Tuesday, November 26, 2013

Slumping and your ribs at work

Here is the second post that relates to slumping as we sit. In October 2013, we explored how to gently lengthen between the pubic bone and the lower ribs, and up to the head.

Now we are looking at the ribs, and how they are involved in lengthening and widening the body. 

First, the ribs form a moveable cage, extending right up to the collarbone, which is actively involved in our breathing. Our rib cage can become compressed and rigid as we sit still for long periods. So start now to simply observe your breathing.

Second, it is very common for the lower ribs to project forward, our shoulders to pull back, and our lower back to tighten. Watch for this tendency in yourself and in others. It can often happen as we straighten up out of a slump,

Experiment  – Allowing our lower ribs to release back
As you experiment, be conscious of your feet on the floor, and allow your head to float up towards the ceiling, slightly in front of you.

Find the lowest part of your rib cage with your fingers, noting how the lowest ribs angle up towards the centre. Run the tips of the fingers inwards along the tummy muscles just underneath where they connect to those ribs. Gently press into those muscles for a few seconds – asking the muscles to soften. You can move the hand around a little, repeating the light pressure.

Did your breathing change? Did you notice a change in your neck muscles, your shoulders, lower back or anywhere else?

Now run your fingers outwards, down along the ribs – be conscious of your breath out and in, and think how wide the body is at the lower ribs. You can also try these activities in front of the bathroom mirror. Perhaps you can visibly see a change.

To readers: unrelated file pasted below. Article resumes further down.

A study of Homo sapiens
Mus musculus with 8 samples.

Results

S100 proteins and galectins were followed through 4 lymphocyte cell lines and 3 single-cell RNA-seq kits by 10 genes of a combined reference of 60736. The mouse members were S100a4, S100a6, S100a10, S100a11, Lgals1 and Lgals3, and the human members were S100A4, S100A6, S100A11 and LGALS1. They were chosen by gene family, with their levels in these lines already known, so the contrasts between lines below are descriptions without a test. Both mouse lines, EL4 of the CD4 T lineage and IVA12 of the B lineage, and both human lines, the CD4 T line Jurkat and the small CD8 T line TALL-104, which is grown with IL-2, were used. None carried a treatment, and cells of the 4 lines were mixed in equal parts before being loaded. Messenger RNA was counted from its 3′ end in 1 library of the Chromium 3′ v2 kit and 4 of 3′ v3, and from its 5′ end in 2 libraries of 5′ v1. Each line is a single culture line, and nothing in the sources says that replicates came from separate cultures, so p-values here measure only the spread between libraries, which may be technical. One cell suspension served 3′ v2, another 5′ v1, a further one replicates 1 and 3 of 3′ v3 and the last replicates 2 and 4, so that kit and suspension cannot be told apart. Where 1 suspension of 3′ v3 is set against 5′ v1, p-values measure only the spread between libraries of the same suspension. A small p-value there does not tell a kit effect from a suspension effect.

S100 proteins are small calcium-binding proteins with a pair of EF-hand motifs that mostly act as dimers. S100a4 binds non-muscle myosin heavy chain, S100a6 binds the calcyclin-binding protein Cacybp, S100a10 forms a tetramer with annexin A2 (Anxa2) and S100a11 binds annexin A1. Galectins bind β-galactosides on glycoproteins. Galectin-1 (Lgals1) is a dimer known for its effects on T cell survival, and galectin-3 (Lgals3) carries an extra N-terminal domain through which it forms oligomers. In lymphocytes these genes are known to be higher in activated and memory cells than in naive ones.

Thought bubble - Again ask for length up the front of your body - from the pubic bone to where the lower ribs meet, and from there up to the top of the head.
This young girl is subtly thrusting her lower ribs forward as she pulls her whole upper back backwards slightly, even though she is beautifully free in the neck and shoulders. (Why? - the desk is too high for her arms)
There is a natural curve further down your back – softening and releasing the ribs doesn’t mean losing this curve.
Experiment - breathing naturally
At the end of the out-breath, just pause before allowing the in-breath to come in naturally. Play with how many seconds you can comfortably pause. Did this change your breathing and movement of the rib cage?
Movement at our joints gives us a range of comfortable sitting positions. Just make sure these positions don’t impede our breathing, interfere with muscular actions or hinder our internal organs. “Varying these positions is the essence of "good sitting" work.”
(source: Canadian Centre for Occupational Health and Safety http://goo.gl/rRfxWc)


About my earlier blog posts - I have just discovered that images in many of them have disappeared. I will battle it out with the gremlins responsible for this, and replace them as soon as possible.